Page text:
The Harry Potter author had offered support for stabbed writer Salman Rushdie
Police in Scotland are investigating death threats made against Harry Potter creator JK Rowling over her support for novelist Salman Rushdie who was stabbed on Friday, authorities said.
Reacting to the attack, Rowling tweeted "Horrifying news. Feeling very sick right now. Let him be OK."
One user wrote in response "don't worry you are next." Rowling shared the message and the account was suspended and the post deleted.
The Harry Potter author reassured her followers, thanking them for their support, saying that "police are involved (were already involved on other threats)."
"We have received a report of an online threat being made and officers are carrying out enquiries," a police spokeswoman said.
Salman Rushdie, the Indian-born British-American writer was stabbed on Friday in New York State as he was preparing to give a lecture. A possible motive for the attack is his 1988 novel 'The Satanic Verses', which was condemned by some Muslims for its allegedly blasphemous references to Islam and its holy book, the Koran. In 1989, Iran's supreme leader, Ayatollah Ruhollah Khomeini, issued a fatwa calling for Rushdie's death, and while Iran officially retracted this edict, an Iranian religious foundation placed a $3.3 million bounty on the writer's head in 2012.
The suspect in the stabbing is Hadi Matar, a 24-year-old resident of New Jersey. According to preliminary findings, Matar was "sympathetic to Shia extremism and Iran."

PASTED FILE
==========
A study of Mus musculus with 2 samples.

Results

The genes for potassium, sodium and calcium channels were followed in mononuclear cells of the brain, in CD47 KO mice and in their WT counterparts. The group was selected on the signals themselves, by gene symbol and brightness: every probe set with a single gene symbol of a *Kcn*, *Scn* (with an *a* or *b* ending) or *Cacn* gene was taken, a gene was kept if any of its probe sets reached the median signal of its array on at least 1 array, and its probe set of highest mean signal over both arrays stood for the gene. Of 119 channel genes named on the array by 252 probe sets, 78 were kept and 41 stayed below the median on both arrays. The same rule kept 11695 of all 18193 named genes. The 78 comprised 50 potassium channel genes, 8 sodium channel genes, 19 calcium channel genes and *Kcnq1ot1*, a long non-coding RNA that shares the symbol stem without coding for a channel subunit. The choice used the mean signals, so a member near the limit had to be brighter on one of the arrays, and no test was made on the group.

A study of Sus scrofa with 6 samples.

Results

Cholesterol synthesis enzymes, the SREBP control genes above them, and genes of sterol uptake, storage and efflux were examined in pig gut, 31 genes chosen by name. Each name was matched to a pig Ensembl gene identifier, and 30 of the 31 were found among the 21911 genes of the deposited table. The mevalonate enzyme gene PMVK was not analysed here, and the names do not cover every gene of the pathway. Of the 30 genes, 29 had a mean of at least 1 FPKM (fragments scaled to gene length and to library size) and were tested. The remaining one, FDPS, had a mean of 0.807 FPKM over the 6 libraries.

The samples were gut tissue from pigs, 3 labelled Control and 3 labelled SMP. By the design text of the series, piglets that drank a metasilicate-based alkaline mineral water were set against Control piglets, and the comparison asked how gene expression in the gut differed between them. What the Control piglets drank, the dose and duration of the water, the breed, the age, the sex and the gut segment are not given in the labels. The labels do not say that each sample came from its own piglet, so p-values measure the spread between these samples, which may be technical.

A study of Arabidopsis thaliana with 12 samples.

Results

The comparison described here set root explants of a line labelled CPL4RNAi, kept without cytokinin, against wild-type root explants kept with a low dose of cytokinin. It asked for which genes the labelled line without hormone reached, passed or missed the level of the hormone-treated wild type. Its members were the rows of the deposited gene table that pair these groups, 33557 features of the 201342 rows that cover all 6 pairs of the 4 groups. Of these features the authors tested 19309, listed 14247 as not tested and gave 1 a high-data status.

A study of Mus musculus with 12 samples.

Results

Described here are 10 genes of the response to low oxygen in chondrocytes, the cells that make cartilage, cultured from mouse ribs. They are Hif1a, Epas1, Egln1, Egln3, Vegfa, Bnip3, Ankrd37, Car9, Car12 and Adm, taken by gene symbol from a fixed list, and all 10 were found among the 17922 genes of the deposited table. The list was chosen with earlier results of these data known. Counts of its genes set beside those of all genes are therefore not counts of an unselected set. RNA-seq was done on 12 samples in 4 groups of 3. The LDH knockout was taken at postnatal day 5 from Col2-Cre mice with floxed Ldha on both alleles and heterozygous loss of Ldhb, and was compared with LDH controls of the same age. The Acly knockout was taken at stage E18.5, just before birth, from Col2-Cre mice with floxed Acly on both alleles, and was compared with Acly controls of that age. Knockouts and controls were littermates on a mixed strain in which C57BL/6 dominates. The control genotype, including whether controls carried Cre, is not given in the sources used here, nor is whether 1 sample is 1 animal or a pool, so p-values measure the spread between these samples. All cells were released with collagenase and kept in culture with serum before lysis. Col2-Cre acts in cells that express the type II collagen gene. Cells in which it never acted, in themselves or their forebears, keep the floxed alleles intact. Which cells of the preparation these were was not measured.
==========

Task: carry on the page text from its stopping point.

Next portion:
According to Rushdie's family, the author is now recovering from his injuries in hospital and has been taken off a ventilator. Rushdie is being treated for injuries including three stab wounds to his neck, four stab wounds to his stomach, and wounds to his right eye and chest. As a result, the novelist may lose his right eye.
JK Rowling was not the only prominent public figure to condemn the assault and offer support to Salman Rushdie. French President Emmanuel Macron and outgoing UK Prime Minister Boris Johnson blasted the stabbing, while Stephen King, another famed author, expressed hope that Rushdie is OK. Among others, who sent messages of support, were Neil Gaiman, an English writer, as well as Ian McEwan and Arundhati Roy, both Booker Prize-winning authors.
In the past, Rowling has been criticized for her stance on transgender people. She, in particular, spoke out against the use of the phrase "people who menstruate" in place of the word "women." This did not sit well with transgender rights activists, who posted a photo of her Edinburgh home on Twitter earlier this year. At the time police refused to take action against the alleged "doxxing," saying that no criminality was established.